Thursday, March 6, 2014


What is Love?

St. Paul tells us that love is the perfect bond of unity. Colossians 3: 14 Yeah! I really love that! Love, love will keep us together.... (I sing in my head.

Unity! On of my favorite pictures of love is my family, including my dad and mom, all my brothers and sisters and their kids singing together at the family reunions. Such wonderful family unity. The gentle memories make me feel cozy and secure. My guess is that your memories of love bring happy, warm feelings too. For we know that love is patient and kind. I am comfortable with that kind of love! We all want that kind of love, don’t we?

Love certainly can be easy unity, smiles and pats on the back and affirmations that a person is terrific! But love is more than just happy feelings where we all get along. Love is more than just Phil Robertson’s slogan of “Happy, happy, happy.”

St. Paul also tells us that love is long-suffering and endures all things. Long-suffering: That’s not such a fun word. That means love isn’t always happy, happy, happy. Love must also be able to take the emotional punch of
an insult and not returning a hostile word. Love is not only smiling, but calming yourself down and listening when you want to be heard. That means love suffers.

What else does the apostle tell us about love.

Love is not jealous. Love is not conceited. Love is not selfish. Love isn’t easily provoked, nor does it hold grudges. (Gulp.) That means that loving others often means pain for us. It means less of what I want. Putting my rights and even my needs, my comfort and my happiness after the needs and comfort and happiness of others. Love often has to be content with receiving the raw end of the deal. Nobody talks much about that kind of love.

The best news is that love is the greatest of all eternal things and it rejoices in the truth. So there is lots of good news when it comes to love. The bad news, to some, might be that love also behaves! (I Cor. 13: 5-13) Love abhors what is evil and clings to what is good. (Rom. 12: 9)
For love practices righteousness. In fact, the apostle is quite clear, those who do not practice righteousness do not love (1 John 3: 10, Gal. 5: 13).

Love is known by its absolute obedience to God. (John 14: 23, 24, 31; 1 John 5:3, 2 John 1:6). For if you are not obedient to God, you really don’t know the full truth of love. So.... (sigh) love can be a lot of hard work. It doesn’t always feel good, or comfortable or even nice. Love labors. It is shocking to some to find out that love isn’t always natural, for sometimes we must pursue love and flee from evil! (1 Tim. 6: 11). 

So, are you liking love? (smile...not so much, huh?)

It is most uncomfortable in today’s world that loves requires such courage and self-sacrifice that we will not rejoice in unrighteousness. At first that seems to be no big deal. But in actual practice, that is truly tough love. To truly and completely love others, we cannot condone evil that we see in them. I cannot imagine anyone actually liking that part of love. Nobody wants to confront and make waves and get into an argument. Nobody wants to be disliked. So when controversy comes, they always remain silent.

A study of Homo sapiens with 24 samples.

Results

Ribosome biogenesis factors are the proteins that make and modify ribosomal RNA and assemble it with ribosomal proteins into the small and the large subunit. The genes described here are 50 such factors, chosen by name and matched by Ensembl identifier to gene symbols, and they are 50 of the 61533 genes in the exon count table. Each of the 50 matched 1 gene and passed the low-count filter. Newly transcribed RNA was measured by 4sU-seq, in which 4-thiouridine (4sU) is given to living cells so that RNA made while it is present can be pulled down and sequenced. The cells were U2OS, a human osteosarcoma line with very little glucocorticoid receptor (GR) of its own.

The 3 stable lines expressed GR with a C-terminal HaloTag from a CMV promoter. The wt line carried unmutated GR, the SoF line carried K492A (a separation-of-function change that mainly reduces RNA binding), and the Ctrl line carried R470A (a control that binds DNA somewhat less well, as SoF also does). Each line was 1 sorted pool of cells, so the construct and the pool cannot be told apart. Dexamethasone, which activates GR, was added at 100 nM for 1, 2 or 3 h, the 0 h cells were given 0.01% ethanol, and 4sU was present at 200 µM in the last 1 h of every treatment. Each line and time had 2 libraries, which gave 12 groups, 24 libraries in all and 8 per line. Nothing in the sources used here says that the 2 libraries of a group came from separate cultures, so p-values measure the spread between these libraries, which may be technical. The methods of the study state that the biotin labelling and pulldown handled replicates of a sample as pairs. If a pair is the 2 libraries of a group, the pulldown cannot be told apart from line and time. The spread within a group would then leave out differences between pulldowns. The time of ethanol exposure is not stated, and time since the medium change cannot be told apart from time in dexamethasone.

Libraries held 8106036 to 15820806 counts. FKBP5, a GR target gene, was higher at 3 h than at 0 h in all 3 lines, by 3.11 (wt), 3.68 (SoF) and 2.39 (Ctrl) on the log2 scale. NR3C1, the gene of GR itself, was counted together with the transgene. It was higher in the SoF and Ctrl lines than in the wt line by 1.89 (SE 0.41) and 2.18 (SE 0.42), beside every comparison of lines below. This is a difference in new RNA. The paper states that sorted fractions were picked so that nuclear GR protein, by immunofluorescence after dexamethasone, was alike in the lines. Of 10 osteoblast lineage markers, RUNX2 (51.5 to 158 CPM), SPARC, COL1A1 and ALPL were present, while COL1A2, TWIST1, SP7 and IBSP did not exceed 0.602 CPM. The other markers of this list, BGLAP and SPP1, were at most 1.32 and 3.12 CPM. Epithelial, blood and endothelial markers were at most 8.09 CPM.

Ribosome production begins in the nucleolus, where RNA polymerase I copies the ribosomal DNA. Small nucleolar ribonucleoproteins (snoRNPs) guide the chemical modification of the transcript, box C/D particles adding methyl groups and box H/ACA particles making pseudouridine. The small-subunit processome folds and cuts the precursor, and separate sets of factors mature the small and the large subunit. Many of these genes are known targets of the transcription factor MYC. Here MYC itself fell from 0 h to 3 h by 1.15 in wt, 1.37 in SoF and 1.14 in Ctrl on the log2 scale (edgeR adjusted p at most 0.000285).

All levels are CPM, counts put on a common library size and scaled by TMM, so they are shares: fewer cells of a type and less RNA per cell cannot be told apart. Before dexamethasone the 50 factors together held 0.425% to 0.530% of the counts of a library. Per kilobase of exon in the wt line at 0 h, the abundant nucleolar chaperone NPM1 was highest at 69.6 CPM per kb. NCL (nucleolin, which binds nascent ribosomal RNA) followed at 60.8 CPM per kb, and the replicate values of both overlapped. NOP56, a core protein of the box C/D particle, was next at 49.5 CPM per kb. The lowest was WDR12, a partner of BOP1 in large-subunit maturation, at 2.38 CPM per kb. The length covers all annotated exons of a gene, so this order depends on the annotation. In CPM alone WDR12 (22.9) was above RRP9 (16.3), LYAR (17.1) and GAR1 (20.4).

There are of course times to discern when to keep silent and when to speak, but the reasoning of love isn’t that you are uncomfortable with confrontation. Love always thinks of others, not one’s uncomfortableness. So your basis to speak or be silent is the need of the other person, not his wants nor your wants. Loves means to speak when the person needs to hear truth, whether you or the other person will like it or not. Love means a lot more than just happy talk. Even angelic talk can be without love. (I Corinthians 13) And I am afraid I am seeing that a lot--people talking in order to make people feel good rather than speaking for their actual good. 

Nobody wants to be on the receiving end of love when you are hearing about your mistakes. That makes us feel judged and not loved. But we cannot trust our feelings on this one. Our feelings must be courageous not only to give that type of love but to receive it. And it goes both ways. If someone who loves us wrongfully judges us and tries to correct us, we have to be long-suffering and forgive them. They meant well.

However, there are those few people who actually seem to like pointing out other’s moral failures and that isn’t love either! L
ove doesn’t just lob truth at another person and then run away. Love means that if you do say something to another for their own good that you know will hurt them, you stay and endure the fires of their hurt with them. Love doesn’t abandon. Nor does love self-righteously go around handing out “truth” to make oneself feel good and rack up points with God. Love is about the other. Love serves.... (Gal. 5: 13).

Christ tells us that love demands heroism! (1 Thessalonians 1: 3).
Love sacrifices its own life for others (I John 3:16, Eph. 5: 2). Love is manifested not in timidity but in power and discipline (2 Tim. 1: 7). And this is where many people’s love fails.